Reply: Redefining the Ideal Buttocks: A Population Analysis
Gallery Plastic Surgery
Department of Plastic and Reconstructive Surgery, Loma Linda University Medical Center, Loma Linda, Calif.
Correspondence to Dr. Wong, Gallery Plastic Surgery, 584 Munras Avenue Monterey, Calif. 93940, firstname.lastname@example.org
In our original work, “Redefining the Ideal Buttocks: A Population Analysis,” buttock images of varying proportions were created, and both female and male population preferences on buttock aesthetic proportions were surveyed.1 This study was based in the United States, which resulted in a highly disproportionate number of Caucasian respondents in comparison with those of other ethnicities. Future studies recruiting the assistance of international plastic surgery experts to broaden the respondent demographics and obtain more culture-specific findings will help in evaluating any differences in preferences between different ethnicities. This can guide the planning process for gluteoplasty procedures, but it is important to keep cultural and geographic preferences in mind in addition to patient preferences when evaluating a patient for buttock enhancement. For example, a patient of Chinese descent living in the United States may have a Caucasian-influenced preference, in contrast to someone living in China.
With exposure to social media unifying different countries and potentially diminishing any strong cultural preferences, we hypothesize that there would be a global preference for larger, more voluptuous contour proportions throughout all ethnicities. Serial surveys conducted every decade may yield interesting results to see whether there is linear change in these preferences as well. Our data demonstrate an evolution from the previously described aesthetic ideal of a 0.70 waist-to-hip ratio, and this archetype will likely change in the coming years. Furthermore, future studies analyzing patient-reported outcomes for different gluteoplasty procedures can elucidate whether there is a correlation with aesthetic ideals and can better assay long-term outcomes and satisfaction rates.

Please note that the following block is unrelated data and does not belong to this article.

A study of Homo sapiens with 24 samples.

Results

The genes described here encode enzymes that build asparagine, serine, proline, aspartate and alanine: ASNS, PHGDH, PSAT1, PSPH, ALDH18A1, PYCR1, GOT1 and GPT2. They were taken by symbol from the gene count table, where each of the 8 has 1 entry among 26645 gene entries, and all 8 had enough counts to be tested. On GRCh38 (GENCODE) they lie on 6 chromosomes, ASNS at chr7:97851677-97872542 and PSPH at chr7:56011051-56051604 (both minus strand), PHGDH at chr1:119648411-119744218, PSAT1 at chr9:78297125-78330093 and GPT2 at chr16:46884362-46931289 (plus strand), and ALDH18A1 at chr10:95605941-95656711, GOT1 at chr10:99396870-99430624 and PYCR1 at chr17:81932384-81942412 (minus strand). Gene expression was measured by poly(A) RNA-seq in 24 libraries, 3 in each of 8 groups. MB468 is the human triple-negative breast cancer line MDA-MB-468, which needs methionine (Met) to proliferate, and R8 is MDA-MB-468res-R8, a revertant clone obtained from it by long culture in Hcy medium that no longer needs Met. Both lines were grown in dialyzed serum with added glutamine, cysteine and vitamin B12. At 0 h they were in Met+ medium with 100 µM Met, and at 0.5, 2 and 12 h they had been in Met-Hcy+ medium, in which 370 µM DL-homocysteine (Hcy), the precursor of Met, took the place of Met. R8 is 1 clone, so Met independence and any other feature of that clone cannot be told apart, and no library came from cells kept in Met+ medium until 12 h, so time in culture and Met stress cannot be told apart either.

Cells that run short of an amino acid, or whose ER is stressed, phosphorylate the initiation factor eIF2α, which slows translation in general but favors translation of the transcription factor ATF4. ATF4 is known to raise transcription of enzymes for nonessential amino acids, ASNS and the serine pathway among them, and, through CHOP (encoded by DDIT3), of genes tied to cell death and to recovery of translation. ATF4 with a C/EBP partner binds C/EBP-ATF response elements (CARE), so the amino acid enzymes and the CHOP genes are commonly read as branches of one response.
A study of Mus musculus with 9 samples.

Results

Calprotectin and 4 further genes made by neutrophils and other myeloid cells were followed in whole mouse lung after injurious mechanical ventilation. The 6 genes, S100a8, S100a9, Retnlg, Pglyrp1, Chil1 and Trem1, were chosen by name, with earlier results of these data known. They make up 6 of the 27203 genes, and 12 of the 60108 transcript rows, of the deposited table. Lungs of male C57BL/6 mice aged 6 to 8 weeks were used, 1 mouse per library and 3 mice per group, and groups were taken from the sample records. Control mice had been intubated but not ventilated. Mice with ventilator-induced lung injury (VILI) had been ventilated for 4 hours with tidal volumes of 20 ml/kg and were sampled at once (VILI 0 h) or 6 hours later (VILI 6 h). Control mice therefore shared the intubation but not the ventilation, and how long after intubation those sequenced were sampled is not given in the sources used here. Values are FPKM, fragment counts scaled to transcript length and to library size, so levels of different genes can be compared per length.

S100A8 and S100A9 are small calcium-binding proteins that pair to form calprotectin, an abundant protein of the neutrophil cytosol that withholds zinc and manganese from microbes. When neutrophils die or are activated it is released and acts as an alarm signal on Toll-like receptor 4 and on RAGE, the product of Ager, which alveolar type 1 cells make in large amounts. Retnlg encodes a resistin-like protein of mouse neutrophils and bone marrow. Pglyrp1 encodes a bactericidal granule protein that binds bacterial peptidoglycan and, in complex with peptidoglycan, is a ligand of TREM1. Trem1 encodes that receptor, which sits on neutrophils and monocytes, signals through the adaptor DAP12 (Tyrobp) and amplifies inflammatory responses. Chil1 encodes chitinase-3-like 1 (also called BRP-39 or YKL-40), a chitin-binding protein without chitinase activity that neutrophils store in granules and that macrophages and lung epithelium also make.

As aesthetic paradigms evolve and shift quite dramatically over time, it is important to consider the long-term effects of the surgical techniques we choose on our patients. Long-term effects of gravity on tissue, age-related changes, and consideration of the need for future operations are all important factors in decision-making. Patient safety is undoubtedly a plastic surgeon’s number one priority. We must keep in mind that despite our patient’s preferences and ideals of beauty, it is our duty to only offer surgical procedures that benefit the patient’s quality of life and heavily outweigh the potential risk profile.
The authors have no financial conflicts to disclose. There was no funding for this work.
Wendy Wong, M.D.
Gallery Plastic Surgery
Saba Motakef, M.D.
Subhas Gupta, M.D., Ph.D.
Department of Plastic and Reconstructive Surgery
Loma Linda University Medical Center
Loma Linda, Calif.
1. Wong WW, Motakef S, Lin Y, Gupta SCRedefining the ideal buttocks: A population analysis. Plast Reconstr Surg. 2016;137:1739–1747.